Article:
Not only does modern technology, which is centered around quantum annealers, promises to tackle "hard" optimization problems but also to pave the way for the efficient simulations of physical systems. This has always been a ``holy-grail'' of modern physics and, arguably, still is one of the most exciting endeavors in current times that may also result in solving many real-life issues faster and more accurately. For instance, drug research and development, supply chain logistics, finance, encryption, and cybersecurity.
Here, we propose to explore ideas revolving around generic annealing-inspired computing devices, and assess their feasibility to simulate physical systems, especially models of interacting qubits, in not too distant future. There are two key ideas that we have envisioned for this project:
- Finding new algorithms that can be assisted by near-term classical and quantum annealers to simulate dynamics encoded in spin-glass instances.
- Devising classical algorithms based on tensor networks, (spiking) neural networks and Monte Carlo inspired methods to determine the underlying structure of low-energy spectrum of spin-glass problems.
Those ideas are built upon three specific tasks that are to be achieved within this proposal:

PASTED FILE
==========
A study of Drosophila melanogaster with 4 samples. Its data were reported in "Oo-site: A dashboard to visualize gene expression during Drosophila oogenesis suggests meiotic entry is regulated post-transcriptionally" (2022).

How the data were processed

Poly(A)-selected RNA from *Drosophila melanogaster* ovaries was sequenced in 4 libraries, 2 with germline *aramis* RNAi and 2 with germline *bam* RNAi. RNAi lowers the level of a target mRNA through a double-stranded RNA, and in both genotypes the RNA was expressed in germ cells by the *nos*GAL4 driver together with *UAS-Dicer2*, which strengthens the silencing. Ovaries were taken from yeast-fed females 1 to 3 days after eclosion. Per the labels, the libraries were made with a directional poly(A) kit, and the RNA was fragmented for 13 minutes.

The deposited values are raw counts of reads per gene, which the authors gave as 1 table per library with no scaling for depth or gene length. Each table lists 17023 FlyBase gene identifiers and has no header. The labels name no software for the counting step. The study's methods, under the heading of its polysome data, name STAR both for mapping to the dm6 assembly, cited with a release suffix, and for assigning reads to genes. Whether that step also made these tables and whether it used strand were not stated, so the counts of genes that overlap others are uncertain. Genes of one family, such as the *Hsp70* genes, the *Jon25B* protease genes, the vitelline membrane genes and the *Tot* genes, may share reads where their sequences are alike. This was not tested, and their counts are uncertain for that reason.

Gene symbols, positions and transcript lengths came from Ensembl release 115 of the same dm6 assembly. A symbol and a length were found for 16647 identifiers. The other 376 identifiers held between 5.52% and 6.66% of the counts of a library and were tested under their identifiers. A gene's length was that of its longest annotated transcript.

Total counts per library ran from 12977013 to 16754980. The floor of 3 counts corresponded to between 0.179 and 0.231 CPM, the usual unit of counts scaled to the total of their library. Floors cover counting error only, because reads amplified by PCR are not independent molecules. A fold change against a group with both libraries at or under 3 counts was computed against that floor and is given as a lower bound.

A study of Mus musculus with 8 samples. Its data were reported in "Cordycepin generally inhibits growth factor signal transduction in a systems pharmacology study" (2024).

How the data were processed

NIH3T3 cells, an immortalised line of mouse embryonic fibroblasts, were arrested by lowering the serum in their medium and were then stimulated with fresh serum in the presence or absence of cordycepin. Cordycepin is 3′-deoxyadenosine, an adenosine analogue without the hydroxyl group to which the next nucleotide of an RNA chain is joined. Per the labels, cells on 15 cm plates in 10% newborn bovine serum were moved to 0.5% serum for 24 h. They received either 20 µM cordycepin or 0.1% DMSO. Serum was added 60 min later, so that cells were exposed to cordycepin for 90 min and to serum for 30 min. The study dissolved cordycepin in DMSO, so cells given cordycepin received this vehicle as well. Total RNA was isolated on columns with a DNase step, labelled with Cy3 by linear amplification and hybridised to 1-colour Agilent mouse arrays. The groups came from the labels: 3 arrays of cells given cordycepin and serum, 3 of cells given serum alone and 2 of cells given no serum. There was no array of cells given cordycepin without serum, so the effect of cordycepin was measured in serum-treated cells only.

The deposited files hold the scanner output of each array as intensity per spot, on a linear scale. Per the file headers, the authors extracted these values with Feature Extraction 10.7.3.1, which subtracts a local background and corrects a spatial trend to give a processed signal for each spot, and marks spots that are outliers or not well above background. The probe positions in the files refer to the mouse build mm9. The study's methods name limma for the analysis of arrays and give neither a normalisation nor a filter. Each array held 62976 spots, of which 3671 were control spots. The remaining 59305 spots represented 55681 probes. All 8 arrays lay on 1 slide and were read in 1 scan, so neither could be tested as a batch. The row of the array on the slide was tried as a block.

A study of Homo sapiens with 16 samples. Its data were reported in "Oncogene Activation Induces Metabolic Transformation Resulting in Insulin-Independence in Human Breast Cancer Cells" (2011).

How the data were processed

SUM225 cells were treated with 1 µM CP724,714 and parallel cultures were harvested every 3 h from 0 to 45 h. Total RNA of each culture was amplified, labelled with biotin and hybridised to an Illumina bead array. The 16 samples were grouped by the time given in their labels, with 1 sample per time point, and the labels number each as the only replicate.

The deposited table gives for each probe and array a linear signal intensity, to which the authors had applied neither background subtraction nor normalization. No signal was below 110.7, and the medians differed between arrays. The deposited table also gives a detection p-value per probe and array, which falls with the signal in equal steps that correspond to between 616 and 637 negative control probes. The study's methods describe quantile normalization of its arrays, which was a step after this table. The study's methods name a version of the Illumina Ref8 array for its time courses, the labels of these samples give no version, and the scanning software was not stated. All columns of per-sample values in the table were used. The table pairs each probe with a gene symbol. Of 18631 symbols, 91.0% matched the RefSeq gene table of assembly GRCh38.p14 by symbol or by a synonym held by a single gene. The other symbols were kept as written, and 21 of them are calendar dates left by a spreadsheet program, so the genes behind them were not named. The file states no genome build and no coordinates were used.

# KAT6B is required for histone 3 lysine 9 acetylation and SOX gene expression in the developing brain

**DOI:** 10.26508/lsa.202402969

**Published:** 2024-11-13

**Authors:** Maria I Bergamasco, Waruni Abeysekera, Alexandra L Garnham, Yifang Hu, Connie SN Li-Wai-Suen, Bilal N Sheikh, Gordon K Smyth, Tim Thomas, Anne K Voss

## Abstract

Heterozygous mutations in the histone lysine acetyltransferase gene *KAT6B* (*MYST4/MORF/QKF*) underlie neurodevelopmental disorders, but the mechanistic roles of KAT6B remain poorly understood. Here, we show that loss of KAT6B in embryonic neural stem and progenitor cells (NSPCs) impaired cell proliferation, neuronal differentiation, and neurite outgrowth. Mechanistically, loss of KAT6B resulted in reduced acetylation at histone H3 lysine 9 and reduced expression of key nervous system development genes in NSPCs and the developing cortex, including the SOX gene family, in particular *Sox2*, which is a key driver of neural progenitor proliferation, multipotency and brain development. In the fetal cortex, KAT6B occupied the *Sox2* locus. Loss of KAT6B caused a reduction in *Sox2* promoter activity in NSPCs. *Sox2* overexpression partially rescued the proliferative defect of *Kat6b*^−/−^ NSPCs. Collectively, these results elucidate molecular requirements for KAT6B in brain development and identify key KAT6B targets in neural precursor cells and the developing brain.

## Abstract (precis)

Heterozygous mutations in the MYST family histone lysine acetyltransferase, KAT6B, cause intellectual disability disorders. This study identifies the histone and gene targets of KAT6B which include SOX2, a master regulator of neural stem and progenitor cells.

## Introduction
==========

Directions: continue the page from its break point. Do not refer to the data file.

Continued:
- Conduct experimental parallel-in-time simulations of few-body physical systems on annealers.
- Experimentally simulate the many-body dynamics through sampling with annealers.
- Numerically emulate and assess the near-term annealing technology with tensor and neural networks.
We will identify systems that could be simulated with the technology available today or in the near future. First and foremost, we are aiming at demonstrating various proof of principles involving theory, experiments, and computer simulations. Our objectives are mainly concerned with the validation of the emerging annealing technology and determining its potential applications for physics simulations. As even small systems can exhibit abundant dynamics, e.g, sudden death and revival of entanglement, we will provide feasible candidates for "hard" instances to test the limits of the near-term annealing technology.
Almost as a by-product, we will create a platform to emulate and assess various annealing devices with state-of-the-art approaches. Naturally, such an open-source library may be utilized to tackle optimization problems arising across various scientific disciplines and operational research.